An Editorial in the Dec. 11, 2007, Tomahawk Leader:
Anglers had better be aware of state DNR rules established to halt the spread of the deadly fish virus Viral Hemorrhagic Septicemia (VHS) before taking to the ice this winter. Under extended statewide emergency regulations that went into effect this summer, anglers can no longer leave any body of water with live minnows – regardless of whether the bait has been used or kept in the bait bucket. Instead, regulations require that all bait be dumped on the ice and water drained from containers before returning to shore.
There’s little doubt with a $329 fine for leaving the lake with live bait and a $228 penalty for removing water, the DNR is ratcheting up its efforts to protect our fish populations. However, the new rules anglers will be required to follow, and DNR game wardens will be asked to enforce, in several cases go against simple logic. Like the Madison bureaucrats who dreamed up these rules, we, too, don’t want to see VHS reach our waters. But by putting in place questionable rules and backing them with harsh penalties, the DNR is only creating confusion while offering regulations that aren’t logical and in the long run will do little to protect our waters.
A recent question-and-answer sheet posted on the DNR’s web site offers these responses to the new regulations. And then we offer ours.
Q: Can I leave the bulk of my minnows in my vehicle at the landing and take a few minnows out on the lake at a time so I will not have to kill all of them at the end of the day?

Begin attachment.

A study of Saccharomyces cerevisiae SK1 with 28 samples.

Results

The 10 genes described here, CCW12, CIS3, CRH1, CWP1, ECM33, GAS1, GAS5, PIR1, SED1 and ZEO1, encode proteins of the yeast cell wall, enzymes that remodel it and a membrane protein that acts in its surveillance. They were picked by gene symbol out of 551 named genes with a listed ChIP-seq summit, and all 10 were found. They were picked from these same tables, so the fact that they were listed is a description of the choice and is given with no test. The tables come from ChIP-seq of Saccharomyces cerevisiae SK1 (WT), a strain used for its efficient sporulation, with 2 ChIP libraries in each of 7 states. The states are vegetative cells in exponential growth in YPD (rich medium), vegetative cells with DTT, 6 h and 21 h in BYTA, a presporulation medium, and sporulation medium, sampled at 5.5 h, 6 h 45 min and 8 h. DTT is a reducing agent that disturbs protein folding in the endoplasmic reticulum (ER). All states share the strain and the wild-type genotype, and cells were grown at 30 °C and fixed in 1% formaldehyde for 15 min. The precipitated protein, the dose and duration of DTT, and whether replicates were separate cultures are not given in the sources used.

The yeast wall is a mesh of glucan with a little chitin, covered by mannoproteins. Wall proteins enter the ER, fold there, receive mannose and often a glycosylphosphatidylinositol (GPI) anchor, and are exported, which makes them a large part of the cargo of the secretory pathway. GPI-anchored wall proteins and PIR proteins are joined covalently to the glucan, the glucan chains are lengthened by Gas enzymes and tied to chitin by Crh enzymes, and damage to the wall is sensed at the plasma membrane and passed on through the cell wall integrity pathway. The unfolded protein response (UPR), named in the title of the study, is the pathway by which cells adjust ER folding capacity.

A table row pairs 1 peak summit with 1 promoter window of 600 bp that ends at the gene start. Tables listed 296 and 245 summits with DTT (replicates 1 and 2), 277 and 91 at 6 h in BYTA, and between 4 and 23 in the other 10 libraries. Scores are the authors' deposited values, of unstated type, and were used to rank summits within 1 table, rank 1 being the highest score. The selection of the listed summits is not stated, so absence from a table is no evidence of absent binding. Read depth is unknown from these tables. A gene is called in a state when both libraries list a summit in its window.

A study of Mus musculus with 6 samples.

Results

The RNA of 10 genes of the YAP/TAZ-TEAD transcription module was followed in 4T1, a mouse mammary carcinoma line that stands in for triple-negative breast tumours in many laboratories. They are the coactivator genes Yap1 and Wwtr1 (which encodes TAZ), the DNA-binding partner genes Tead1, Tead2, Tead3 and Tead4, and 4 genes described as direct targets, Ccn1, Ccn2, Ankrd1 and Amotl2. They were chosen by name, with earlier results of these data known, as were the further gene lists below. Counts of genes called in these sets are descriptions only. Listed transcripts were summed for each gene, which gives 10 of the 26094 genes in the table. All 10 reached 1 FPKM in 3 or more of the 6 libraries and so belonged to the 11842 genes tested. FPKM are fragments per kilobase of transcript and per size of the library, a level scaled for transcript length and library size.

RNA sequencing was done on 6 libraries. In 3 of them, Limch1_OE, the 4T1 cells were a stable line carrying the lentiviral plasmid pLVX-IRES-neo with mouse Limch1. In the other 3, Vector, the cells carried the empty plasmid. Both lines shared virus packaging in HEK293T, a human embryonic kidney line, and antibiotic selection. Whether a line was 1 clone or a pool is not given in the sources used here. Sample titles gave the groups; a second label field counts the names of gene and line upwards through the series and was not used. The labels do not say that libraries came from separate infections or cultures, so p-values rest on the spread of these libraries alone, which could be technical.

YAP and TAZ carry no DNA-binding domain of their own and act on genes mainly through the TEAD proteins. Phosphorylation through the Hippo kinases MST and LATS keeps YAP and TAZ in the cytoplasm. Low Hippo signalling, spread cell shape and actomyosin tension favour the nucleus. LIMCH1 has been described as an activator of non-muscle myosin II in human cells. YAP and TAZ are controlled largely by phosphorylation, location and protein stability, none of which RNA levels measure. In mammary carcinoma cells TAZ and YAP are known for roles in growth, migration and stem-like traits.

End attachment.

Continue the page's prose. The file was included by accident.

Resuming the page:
A: Yes, Any minnows that are never possessed on the water or the shore or bank of the water can be transported to other locations, such as home at the end of the day. Any minnows possessed on the water, bank or shore, may not be transported away live …
Our response: The DNR suggests anglers leave bait buckets at boat landings and return when additional bait is needed. This idea is by no means ideal because nomad anglers would have to pull all their equipment out of the water and return to a distant shore during the period when fish are most actively feeding. Or, the DNR suggests anglers only purchase as much bait as they intend to use that day. Perhaps those who devised this advice have reached the pinnacle, but most anglers aren’t usually sure if they’ll even catch one fish. Maybe if we were all overpaid, or fished as little as the ones who came up with these rules, killing $5, $10 or $15 worth of bait each outing wouldn’t be such a big deal.
Q: Are minnows that are brought onto the ice still considered on the lake and do they have to be killed before I leave the shore?
A: Yes, when you bring minnows to the shore, whether water is open or frozen, those minnows may not be transported away.
Our response: You don’t want to get ticketed for this one. If caught leaving the lake with live minnows and water, you could face fines exceeding $500. That’s a lot of frozen cod.
Q: Can I leave unused bait in a container under the ice of my ice house for use the next time on the same lake?
A: Yes, you may submerge a container holding live minnows under your ice house as long as you have a way to retrieve the container …
Our response: Yeah, like we enjoy paying the heating bills for our houses so much that paying to heat the ice shack sounds like a great idea.
Q: Do I have to drain the water from my drinking water containers and coolers, including melted ice in coolers used to keep fish or food and beverages cold?
A: This rule does not apply to beverage containers, including bottled drinking water. Melted ice in coolers used to keep dead fish fresh also needs to be drained, but the ice which has not yet melted may be kept to keep your fish, food or beverages cool.
Our response: So the goal is to keep water from leaving lakes. The last time we checked ice was made from water. Maybe we all need some of what the DNR bureaucrats were drinking when they came up with this one – we’re sure it wasn’t the bottled water eluded to in the answer.
While we all want nothing more than to protect our waters and the fish that inhabit them, the DNR needs to rethink these new regulations before they start handing out tickets. Don’t make a debacle of what was one of our state’s greatest pastimes.